How to Handle Your Heaviest Molds
Using the appropriate wheeled transporter technology moves large molds freely throughout the shop.
Moving molds that weigh 30 to 70 tons and more to and from the toolroom can be a chore, not to mention the time and effort the mold change crews spend in struggling to get the molds in and out of the machines. The use of the appropriate wheeled transporter technology offers a new option for moving the largest of molds freely between all areas of the plant.
The features to consider in your selected wheel transporter technology include:
- The capability of carrying unlimited weight across virtually any type of existing plant floor. It should have six, eight, 10 or more axle assemblies that are individually fluid suspended to assure that every tire is carrying only its share of the load, regardless of depressions, ramps or other serious floor irregularities.
- Omni directional travel ability, which allows the vehicle to travel sideways, rotate about its own center as well as lift and lower at the touch of a button. These features provide mobility that has never before been available for moving massive loads through congested spaces. For the toolroom, this means freeing up valuable space, because molds can be stored almost anywhere, yet still have near instant access for processing.
- Either a self-loading mold changer that carries molds at near the right height for machine insertion or a very low-deck platform carrier that transports molds between process areas and to and from the toolroom.
- Every wheel should have its own drive motor to accommodate travel and steering. Differential steering is accomplished by varying the wheel’s rotation speeds or even reversing the rotation as necessary for whatever maneuver the operator directs. The complexity of controlling the speed and direction of every wheel on these multi-axle carriers becomes a simple task for the onboard computerized control. The operator simply controls all movement with great precision from a tiny joystick on a tethered handheld remote.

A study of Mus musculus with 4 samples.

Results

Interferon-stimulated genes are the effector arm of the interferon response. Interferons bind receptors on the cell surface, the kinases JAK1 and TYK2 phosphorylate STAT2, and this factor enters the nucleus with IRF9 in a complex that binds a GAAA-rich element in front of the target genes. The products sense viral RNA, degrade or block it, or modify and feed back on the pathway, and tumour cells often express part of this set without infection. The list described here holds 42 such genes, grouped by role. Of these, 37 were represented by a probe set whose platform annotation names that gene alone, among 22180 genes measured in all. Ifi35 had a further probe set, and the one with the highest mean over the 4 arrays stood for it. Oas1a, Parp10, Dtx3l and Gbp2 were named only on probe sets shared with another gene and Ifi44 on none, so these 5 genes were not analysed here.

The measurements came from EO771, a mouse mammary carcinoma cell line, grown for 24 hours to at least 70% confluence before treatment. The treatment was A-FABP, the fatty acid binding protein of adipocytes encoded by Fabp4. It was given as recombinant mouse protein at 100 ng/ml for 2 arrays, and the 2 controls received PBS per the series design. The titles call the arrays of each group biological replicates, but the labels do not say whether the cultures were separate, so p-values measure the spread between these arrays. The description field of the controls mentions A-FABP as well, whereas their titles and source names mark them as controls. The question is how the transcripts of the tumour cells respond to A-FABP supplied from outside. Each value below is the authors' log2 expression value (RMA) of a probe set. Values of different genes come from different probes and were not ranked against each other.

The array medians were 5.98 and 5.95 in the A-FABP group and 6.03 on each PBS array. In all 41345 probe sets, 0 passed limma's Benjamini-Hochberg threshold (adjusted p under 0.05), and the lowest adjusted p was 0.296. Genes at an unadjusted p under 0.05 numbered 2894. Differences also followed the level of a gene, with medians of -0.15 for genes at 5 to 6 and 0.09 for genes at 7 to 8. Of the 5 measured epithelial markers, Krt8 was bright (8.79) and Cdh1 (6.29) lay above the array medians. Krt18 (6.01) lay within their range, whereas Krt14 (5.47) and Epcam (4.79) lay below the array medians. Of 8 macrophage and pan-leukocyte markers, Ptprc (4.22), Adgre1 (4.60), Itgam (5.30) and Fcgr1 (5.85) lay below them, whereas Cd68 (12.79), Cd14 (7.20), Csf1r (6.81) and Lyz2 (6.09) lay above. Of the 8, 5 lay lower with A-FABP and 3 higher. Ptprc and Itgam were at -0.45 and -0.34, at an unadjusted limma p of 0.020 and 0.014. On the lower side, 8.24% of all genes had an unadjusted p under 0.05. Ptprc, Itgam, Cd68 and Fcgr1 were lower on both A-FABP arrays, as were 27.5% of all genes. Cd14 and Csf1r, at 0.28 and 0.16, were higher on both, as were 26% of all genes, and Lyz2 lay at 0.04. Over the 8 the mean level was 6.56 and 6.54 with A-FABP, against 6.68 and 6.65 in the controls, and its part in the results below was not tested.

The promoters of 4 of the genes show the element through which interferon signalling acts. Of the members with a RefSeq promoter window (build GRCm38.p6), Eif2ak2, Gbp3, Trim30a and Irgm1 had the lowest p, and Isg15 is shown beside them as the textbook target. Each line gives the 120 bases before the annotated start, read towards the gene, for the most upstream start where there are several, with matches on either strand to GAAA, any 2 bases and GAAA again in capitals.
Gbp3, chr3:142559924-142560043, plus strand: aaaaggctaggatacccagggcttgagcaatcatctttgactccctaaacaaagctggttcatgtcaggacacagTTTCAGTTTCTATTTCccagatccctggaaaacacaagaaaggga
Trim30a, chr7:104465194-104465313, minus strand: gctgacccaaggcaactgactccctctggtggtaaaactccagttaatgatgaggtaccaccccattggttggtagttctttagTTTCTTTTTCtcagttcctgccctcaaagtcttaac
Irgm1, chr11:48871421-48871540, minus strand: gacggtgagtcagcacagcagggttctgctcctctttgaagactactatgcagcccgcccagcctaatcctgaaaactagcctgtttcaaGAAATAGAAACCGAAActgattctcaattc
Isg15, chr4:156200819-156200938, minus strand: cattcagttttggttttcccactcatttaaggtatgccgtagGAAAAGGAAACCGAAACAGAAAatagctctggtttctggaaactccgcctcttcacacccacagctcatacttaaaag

Mold Change in Action
In a typical mold change with the right wheeled transporter technology, ready molds will be taken from a storage area and can be carried on either or both of the twin roller decks. For an actual mold change, the operator will maneuver the transporter in parallel to the next machine due for a mold change. The operator will stop with an empty roller deck roughly laterally aligned with the mold to be removed. With a touch of a button, all of the axles will turn 90 degrees and the transporter will now move sideways to the side of the machine. The outriggers will lower and the entire transporter will be lifted to a matching height with the platen rollers.
When the spent mold has been rapidly brought onboard and secured, the transporter will lower to floor contact, where again all of the wheels turn to move the transporter forward to align for insertion of the new mold. Again the outriggers lift the transporter to the required height and the new mold is rolled into the machine—quickly, efficiently and safely.
Using all-wheel drive and all-directional steering, wheeled transporter technology can travel on 12 to 20 or more solid urethane tires. If the loaded transporter is going to stop for any extended period of time, the transporter simply lowers to trans-fer its weight onto outrigger pads to avoid temporary flats.
In a busy toolroom, space is often a serious problem. Having that capability to move molds freely and quickly to remote storage areas can put a new element in a toolroom’s list of capabilities.